He had a signature line.
“See you, kid.”
So it was fitting that the Garden Grove PD’s Juvenile Justice Center got a new name last week to honor the late police officer who worked tirelessly — even years after retirement — to better the lives of Garden Grove youth.
Dozens of relatives, former colleagues, community leaders, non-profit executives and admirers of Bruce Beauchamp gathered Oct. 29 for the dedication and unveiling of a new mounted plaque on the front of the JJC, located next to PD headquarters on Acacia Parkway.
The newly christened Bruce Beauchamp Juvenile Justice Center pays homage to an iconic Garden Grove cop whose 30-year career with the agency began in 1957, two months after the PD was formed.
Beauchamp, who died at 78 on July 29, 2014 after an infection attacked his heart, was just as active in retirement as he was when he was a full-time officer.
He primarily was known for his involvement with the Boys & Girls Clubs of Garden Grove, the Garden Grove Lions Club, the Garden Grove Elks Lodge and the Garden Grove Historical Society.
Sgt. John Reynolds, emcee of the ceremony, called Beauchamp a good friend and a very committed policeman and servant of Garden Grove.
The Juvenile Justice Center was built in 1998 and was the brainchild of then-Lt. Kevin Raney, who went on to become chief.
Raney came up with the idea of naming the building after Beauchamp and announced plans to do so at his memorial service Aug. 6, 2014 at Kiwanis Land in Garden Grove.
The Juvenile Justice Center houses the Youth Outreach Program, a collaboration between the City of Garden Grove and the Boys & Girls Clubs of Garden Grove. To date, the center has served more than 8,000 at-risk youth and their families through counseling, intervention programs and educational classes.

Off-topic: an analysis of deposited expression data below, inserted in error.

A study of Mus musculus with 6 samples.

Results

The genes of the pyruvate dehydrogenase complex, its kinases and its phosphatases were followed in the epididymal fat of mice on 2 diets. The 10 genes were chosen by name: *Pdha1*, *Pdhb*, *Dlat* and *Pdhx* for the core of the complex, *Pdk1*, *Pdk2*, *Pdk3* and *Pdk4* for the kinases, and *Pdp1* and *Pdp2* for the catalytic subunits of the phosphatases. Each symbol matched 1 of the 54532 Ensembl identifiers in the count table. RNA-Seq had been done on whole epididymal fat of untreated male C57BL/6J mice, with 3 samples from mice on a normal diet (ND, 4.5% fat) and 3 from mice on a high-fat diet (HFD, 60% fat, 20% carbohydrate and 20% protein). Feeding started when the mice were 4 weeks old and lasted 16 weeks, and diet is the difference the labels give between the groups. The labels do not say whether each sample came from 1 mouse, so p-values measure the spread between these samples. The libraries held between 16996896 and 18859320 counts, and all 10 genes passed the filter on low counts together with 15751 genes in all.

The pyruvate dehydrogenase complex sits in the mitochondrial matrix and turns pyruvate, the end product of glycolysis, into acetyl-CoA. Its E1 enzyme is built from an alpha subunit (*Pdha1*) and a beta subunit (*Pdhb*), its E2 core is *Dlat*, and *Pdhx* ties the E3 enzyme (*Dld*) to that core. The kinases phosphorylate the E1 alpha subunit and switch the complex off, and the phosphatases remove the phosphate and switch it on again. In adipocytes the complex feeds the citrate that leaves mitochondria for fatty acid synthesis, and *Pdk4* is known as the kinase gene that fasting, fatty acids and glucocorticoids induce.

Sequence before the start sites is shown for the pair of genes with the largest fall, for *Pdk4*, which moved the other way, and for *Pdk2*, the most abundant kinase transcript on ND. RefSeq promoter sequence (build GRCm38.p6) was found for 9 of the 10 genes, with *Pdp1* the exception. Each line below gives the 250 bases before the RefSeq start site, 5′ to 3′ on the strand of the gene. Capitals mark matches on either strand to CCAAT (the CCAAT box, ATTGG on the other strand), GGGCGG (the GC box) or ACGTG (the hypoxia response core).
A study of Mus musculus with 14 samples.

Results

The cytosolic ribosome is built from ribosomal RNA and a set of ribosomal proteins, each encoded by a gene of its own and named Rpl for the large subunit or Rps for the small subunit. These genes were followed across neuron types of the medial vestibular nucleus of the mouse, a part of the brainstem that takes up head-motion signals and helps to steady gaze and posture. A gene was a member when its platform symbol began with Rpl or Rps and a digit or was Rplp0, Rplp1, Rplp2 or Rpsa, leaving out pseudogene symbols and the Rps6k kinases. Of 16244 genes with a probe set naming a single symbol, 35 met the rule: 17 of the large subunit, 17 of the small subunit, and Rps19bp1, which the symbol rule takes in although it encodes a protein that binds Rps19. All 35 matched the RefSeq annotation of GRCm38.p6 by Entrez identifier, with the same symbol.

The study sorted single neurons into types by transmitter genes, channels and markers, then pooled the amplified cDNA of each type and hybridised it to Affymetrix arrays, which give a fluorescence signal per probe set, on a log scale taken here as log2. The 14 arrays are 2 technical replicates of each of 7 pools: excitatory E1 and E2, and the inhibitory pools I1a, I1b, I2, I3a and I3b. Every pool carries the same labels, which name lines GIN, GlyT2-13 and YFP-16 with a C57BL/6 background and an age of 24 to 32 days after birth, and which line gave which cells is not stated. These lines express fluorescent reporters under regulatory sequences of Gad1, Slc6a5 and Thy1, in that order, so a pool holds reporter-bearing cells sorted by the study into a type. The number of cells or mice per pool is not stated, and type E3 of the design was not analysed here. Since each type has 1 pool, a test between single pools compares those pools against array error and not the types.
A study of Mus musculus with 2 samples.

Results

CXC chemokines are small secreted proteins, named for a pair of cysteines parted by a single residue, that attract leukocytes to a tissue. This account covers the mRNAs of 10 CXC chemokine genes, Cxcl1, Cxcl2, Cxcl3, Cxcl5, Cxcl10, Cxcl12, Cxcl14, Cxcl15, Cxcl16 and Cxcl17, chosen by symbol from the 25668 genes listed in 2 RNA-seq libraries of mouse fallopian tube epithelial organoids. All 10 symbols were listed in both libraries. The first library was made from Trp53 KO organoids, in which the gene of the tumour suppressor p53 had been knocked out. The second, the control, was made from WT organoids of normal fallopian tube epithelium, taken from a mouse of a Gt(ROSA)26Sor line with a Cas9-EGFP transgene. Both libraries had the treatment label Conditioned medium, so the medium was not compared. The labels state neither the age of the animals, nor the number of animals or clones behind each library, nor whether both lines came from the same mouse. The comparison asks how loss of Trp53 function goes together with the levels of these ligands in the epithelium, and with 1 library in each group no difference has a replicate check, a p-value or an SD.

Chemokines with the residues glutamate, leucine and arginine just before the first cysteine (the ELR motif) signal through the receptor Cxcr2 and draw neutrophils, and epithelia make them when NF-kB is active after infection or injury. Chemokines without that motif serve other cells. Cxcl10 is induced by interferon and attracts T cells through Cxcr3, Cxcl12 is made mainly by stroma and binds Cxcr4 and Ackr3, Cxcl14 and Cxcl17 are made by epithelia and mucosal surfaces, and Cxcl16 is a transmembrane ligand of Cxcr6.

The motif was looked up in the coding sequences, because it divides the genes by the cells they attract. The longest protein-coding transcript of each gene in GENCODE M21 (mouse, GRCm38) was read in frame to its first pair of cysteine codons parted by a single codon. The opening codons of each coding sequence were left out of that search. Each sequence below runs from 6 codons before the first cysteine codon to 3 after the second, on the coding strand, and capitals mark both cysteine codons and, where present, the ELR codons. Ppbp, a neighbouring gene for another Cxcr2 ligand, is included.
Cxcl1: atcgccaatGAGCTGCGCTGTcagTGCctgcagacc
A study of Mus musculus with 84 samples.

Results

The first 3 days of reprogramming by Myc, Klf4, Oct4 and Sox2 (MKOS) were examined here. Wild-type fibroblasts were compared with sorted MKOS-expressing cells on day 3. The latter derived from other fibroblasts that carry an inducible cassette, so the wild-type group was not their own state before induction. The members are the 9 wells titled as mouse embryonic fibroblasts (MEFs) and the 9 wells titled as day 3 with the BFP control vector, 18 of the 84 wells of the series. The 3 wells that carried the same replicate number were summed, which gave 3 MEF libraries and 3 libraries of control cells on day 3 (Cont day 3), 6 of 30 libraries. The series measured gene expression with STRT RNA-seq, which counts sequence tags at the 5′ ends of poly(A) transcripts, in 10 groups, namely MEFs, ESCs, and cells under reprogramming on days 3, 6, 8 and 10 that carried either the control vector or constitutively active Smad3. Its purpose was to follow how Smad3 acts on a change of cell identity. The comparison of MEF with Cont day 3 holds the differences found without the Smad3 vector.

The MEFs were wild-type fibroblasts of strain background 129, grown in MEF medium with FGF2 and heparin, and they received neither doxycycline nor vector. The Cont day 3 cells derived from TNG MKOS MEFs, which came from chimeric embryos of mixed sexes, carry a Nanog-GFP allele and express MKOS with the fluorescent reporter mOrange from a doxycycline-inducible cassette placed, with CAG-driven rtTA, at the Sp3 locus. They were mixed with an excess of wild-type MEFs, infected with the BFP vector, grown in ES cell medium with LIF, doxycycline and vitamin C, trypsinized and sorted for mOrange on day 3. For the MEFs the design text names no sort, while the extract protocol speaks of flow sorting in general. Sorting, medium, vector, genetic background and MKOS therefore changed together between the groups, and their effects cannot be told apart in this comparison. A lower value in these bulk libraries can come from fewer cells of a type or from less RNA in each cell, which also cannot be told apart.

Addressing the crowd, which included some of Beauchamp’s grandchildren — he and his wife, Lollie Beauchamp, between them have five children and eight grandchildren — Garden Grove Police Chief Todd Elgin called Beauchamp a “tireless volunteer” who especially loved working with youth.
“He wanted to help everyone, but especially youth,” Elgin said. “They needed direction and guidance, and Bruce wanted to be part of that in whatever capacity he could.”
Even though he didn’t work with him, Elgin recalled Beauchamp’s warm and friendly presence around the PD after he retired in 1987.
“It’s rare you’ll find a man built like Bruce Beauchamp,” Elgin said. “It’s important that we and others in our community celebrate people like Bruce.”
Raney, who retired as police chief in January, worked with Beauchamp as a cop. He had a talk with Beauchamp shortly before he died and said he admired Beauchamp’s determination to overcome his health issue.
“But God had other plans, and decided that his work on this Earth was done,” said Raney, who as a 19-year-old cadet had Beauchamp as his sergeant.
Pat Halberstadt, chief professional officer of the Boys & Girls Clubs of Garden Grove, spoke about Beauchamp’s devotion to the community of Garden Grove.
“Bruce was living proof how fine a person can be,” Halberstadt said. “He was a great leader in the Garden Grove Police Department and a champion for the kids in our community.”
Halberstadt praised his role in helping the Juvenile Justice Center become a reality.
“Bruce had a rare perspective of understanding the needs of youth and teens from his interactions as a police officer as well as how youth development programs could prevent delinquency and crisis for kids by giving them a sense of responsibility and purpose,” she said.
Lollie Beauchamp, who was married to Bruce for 33 years, called the monument an “awesome award for an awesome man,” but stressed that the honor also belongs to the various organizations in Garden Grove that help youth.
“All of your non-profits are so important,” Beauchamp said, “and this is what Bruce would express: that you are all awesome.”
Raney, Elgin and Lollie Beauchamp then unveiled the 14-by-20-inch bronze plaque with a likeness of Bruce Beauchamp wearing his vintage 1957 GGPD uniform.
“Three rookies who were assigned to him went on to become chiefs of police,” Lollie Beauchamp noted after the ceremony.
“And he turned the lives around of a lot of troubled youth. Bruce was always very proud of that.”